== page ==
Background: Psychopharmacotherapy currently constitutes the first-line treatment for depression and anxiety in Parkinson's disease (PD) however the efficacy of antidepressant treatments in PD is unclear. Several alternative treatments have been suggested as potentially more viable alternatives including dopamine agonists, repetitive transcranial magnetic stimulation, and cognitive behavioural therapy (CBT).
Method: A meta-analysis of randomised placebo-controlled trials for depression and/or anxiety in PD was conducted to systematically examine the efficacy of current treatments for depression and anxiety in PD.
Results: Nine trials were included. There was only sufficient data to calculate a pooled effect for antidepressant therapies. The pooled effect of antidepressants for depression in PD was moderate but non-significant (d = .71, 95% CI = -1.33 to 3.08). The secondary effect of antidepressants on anxiety in PD was large but also non-significant (d = 1.13, 95% CI = -.67 to 2.94). Two single-trials of non-pharmacological treatments for depression in PD resulted in significant large effects; Omega-3 supplementation (d = .92, 95% CI = .15 to 1.69) and CBT (d = 1.57, 95% CI = 1.06 to 2.07), and warrant further exploration.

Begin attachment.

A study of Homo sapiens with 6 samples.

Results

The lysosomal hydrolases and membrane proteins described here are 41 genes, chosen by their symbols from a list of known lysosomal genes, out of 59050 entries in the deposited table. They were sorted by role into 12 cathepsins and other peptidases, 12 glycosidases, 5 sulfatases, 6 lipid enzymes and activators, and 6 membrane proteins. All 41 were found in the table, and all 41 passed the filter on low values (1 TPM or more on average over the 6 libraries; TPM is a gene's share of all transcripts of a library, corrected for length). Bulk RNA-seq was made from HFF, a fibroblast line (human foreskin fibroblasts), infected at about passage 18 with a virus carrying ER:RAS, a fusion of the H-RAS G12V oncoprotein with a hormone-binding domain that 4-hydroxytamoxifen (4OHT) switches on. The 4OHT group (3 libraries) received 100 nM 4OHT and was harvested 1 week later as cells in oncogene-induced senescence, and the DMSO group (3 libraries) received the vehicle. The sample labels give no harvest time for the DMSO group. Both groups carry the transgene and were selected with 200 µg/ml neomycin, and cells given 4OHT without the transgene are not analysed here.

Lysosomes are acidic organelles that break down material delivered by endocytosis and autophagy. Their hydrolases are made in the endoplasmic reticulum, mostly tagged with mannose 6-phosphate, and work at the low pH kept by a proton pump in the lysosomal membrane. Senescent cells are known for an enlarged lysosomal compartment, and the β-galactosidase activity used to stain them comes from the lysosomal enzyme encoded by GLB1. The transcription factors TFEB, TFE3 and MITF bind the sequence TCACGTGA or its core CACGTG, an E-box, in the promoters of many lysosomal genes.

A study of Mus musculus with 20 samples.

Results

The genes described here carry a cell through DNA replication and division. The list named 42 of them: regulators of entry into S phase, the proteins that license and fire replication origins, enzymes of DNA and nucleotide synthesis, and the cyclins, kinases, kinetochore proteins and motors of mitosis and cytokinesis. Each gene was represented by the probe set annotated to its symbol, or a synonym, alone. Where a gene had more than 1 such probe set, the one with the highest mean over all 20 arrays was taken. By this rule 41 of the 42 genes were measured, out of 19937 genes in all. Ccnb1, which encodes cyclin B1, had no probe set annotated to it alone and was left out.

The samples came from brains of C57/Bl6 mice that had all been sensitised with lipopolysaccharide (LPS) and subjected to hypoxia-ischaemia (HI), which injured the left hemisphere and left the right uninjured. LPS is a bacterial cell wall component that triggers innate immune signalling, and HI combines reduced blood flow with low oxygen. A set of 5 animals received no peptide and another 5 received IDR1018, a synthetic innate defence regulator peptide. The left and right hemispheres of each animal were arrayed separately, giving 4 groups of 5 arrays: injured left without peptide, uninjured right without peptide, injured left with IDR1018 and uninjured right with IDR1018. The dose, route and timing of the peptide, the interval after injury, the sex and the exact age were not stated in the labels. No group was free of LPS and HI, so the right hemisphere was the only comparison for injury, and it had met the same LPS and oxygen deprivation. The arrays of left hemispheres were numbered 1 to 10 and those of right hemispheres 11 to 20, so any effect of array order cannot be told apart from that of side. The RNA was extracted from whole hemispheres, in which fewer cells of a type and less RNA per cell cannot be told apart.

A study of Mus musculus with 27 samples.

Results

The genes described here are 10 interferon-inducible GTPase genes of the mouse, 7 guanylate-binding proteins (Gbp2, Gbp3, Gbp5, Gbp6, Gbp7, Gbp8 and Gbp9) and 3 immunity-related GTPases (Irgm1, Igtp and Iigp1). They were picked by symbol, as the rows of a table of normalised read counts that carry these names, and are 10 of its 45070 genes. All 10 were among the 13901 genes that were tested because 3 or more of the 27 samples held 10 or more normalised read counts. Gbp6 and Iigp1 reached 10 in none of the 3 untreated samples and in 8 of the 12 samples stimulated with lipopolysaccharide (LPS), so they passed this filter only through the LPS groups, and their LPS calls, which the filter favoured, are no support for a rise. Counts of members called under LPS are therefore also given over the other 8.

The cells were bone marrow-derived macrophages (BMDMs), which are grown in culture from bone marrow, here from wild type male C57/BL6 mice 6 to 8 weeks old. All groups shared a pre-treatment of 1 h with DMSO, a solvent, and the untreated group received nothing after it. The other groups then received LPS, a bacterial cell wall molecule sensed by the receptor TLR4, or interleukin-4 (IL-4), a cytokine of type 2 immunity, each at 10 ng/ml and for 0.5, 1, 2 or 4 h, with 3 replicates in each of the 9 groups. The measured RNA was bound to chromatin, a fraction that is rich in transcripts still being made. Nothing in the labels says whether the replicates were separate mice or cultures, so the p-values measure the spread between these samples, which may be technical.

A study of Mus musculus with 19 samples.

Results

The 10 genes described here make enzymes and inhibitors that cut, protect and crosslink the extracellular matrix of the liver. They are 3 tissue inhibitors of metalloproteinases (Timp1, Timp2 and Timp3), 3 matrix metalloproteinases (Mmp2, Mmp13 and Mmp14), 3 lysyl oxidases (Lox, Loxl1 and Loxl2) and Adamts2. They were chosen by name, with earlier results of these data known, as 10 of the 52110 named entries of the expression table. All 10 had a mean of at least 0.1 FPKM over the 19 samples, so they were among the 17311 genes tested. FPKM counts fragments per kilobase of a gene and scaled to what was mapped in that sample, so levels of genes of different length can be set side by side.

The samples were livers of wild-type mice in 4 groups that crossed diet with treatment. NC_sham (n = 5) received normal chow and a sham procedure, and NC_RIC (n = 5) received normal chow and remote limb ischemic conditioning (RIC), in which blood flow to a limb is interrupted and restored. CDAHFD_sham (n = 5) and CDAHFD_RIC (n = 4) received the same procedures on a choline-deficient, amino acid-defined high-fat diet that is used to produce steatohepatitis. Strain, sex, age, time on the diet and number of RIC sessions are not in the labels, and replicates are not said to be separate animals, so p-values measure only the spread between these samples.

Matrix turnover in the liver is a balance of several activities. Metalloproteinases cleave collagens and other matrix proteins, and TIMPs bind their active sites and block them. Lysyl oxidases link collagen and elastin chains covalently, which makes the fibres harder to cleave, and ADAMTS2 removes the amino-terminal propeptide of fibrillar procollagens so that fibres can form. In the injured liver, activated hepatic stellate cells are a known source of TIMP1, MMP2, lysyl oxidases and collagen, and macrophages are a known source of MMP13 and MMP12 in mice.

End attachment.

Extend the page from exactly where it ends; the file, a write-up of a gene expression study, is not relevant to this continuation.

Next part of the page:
Conclusions: There remains a lack of controlled trials for both pharmacological and non-pharmacological treatments for depression and anxiety in PD which limits the conclusions which can be drawn. While the pooled effects of antidepressant therapies in PD were non-significant, the moderate to large magnitude of each pooled effect is promising. Non-pharmacological approaches show potential for depression in PD however more research is required.